Sun Allergy

What is sun allergy?

Sun allergy is the cutaneous reaction that appears with sun exposure; it can be a symptom of different dermatological pathologies. Among the most common manifestations, the following stand out:

  • Polymorphic light eruption (PLE); it is related to hormonal factors, so it appears mainly in women. It appears in the form of small bumps and papules that appear a few hours after sunbathing, most frequently on the face and décolleté, but can also appear on the back of the arms and feet.
  • Solar urticaria; less frequent than the previous one, it presents with larger wheals, similar to an insect bite. It affects men and women indifferently, and does not affect any specific part of the body. It appears within a few minutes after sunbathing.
  • Actinic prurigo; it manifests with thickening of the skin, and appears mainly in older people.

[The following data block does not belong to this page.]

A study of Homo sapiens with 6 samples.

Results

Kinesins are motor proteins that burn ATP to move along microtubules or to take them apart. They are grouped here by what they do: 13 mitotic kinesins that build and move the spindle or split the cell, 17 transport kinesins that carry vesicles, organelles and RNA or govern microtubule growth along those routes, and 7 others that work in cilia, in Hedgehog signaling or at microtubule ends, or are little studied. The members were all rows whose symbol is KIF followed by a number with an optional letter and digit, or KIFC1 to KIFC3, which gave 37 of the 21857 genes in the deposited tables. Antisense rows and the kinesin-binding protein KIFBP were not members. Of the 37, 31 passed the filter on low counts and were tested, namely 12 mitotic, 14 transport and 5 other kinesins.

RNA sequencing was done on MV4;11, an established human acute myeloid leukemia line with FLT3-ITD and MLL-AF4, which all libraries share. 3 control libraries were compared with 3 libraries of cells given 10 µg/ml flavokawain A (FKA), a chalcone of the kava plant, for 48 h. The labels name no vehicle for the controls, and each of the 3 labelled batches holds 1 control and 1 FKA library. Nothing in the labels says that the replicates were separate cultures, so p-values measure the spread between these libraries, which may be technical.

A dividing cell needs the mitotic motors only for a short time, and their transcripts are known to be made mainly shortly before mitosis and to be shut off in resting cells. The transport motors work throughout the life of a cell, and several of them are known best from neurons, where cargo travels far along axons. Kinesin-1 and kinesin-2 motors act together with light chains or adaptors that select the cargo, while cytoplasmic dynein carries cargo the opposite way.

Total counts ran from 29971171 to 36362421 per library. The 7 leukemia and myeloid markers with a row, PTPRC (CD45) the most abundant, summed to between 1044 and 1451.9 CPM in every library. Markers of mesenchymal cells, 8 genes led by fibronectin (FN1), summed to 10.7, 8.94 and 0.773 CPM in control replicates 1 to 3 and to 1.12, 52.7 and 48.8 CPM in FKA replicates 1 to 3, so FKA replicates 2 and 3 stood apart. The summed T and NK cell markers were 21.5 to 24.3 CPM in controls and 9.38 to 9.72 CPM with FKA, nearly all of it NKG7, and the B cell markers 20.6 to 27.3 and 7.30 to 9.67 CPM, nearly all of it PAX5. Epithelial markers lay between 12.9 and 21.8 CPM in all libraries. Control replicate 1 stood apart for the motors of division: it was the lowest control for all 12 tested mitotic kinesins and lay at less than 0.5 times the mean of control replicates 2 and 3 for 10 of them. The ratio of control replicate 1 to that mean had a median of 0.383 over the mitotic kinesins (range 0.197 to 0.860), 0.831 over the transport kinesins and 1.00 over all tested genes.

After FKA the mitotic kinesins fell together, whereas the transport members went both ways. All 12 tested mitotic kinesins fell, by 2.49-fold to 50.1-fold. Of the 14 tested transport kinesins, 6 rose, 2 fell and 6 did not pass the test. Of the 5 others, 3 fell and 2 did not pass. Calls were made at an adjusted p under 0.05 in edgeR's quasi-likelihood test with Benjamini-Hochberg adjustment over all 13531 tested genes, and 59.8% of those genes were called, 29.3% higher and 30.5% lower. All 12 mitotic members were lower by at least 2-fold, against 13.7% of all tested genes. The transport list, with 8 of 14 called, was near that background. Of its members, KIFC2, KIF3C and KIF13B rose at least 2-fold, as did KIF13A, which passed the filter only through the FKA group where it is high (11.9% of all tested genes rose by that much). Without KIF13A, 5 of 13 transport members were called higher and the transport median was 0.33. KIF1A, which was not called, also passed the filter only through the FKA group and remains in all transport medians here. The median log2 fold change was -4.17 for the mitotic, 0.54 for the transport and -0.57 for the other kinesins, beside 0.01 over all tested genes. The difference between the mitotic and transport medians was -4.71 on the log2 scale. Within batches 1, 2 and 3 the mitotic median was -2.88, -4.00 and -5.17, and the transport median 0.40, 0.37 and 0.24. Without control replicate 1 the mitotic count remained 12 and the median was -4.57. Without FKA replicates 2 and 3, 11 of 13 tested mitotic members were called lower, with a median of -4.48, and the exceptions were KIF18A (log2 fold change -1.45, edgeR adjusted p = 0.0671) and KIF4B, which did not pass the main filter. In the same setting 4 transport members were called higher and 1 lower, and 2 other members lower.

Sun allergy is the skin reaction that appears with exposure to the sun.

Symptoms of sun allergy

The main symptoms of sun allergy are itching, pain and redness of the skin and usually appear within a few hours or days after sun exposure on the exposed areas. Other (less frequent) symptoms such as headache, nausea or chills may occur.

What causes sun allergy?

The factors that cause sun allergy are unknown, although it is known that symptoms appear when there is longer than normal exposure to UVA and/or UVB rays (especially in spring and summer). It is therefore one of the primary idiopathic photodermatoses.

See also  Thermage

Can it be prevented?

To prevent sun allergy, it is very important to protect your skin with sunscreen and clothing. Also, you should try to get your skin used to sun exposure. In addition, people with sensitive skin are advised to avoid perfumes, deodorants and cosmetics when sunbathing.

What does the treatment consist of?

Basically, the treatment of sun allergy focuses on the application of sun protection, although it is true that in more severe cases drugs such as corticosteroids or antimalarials may be used.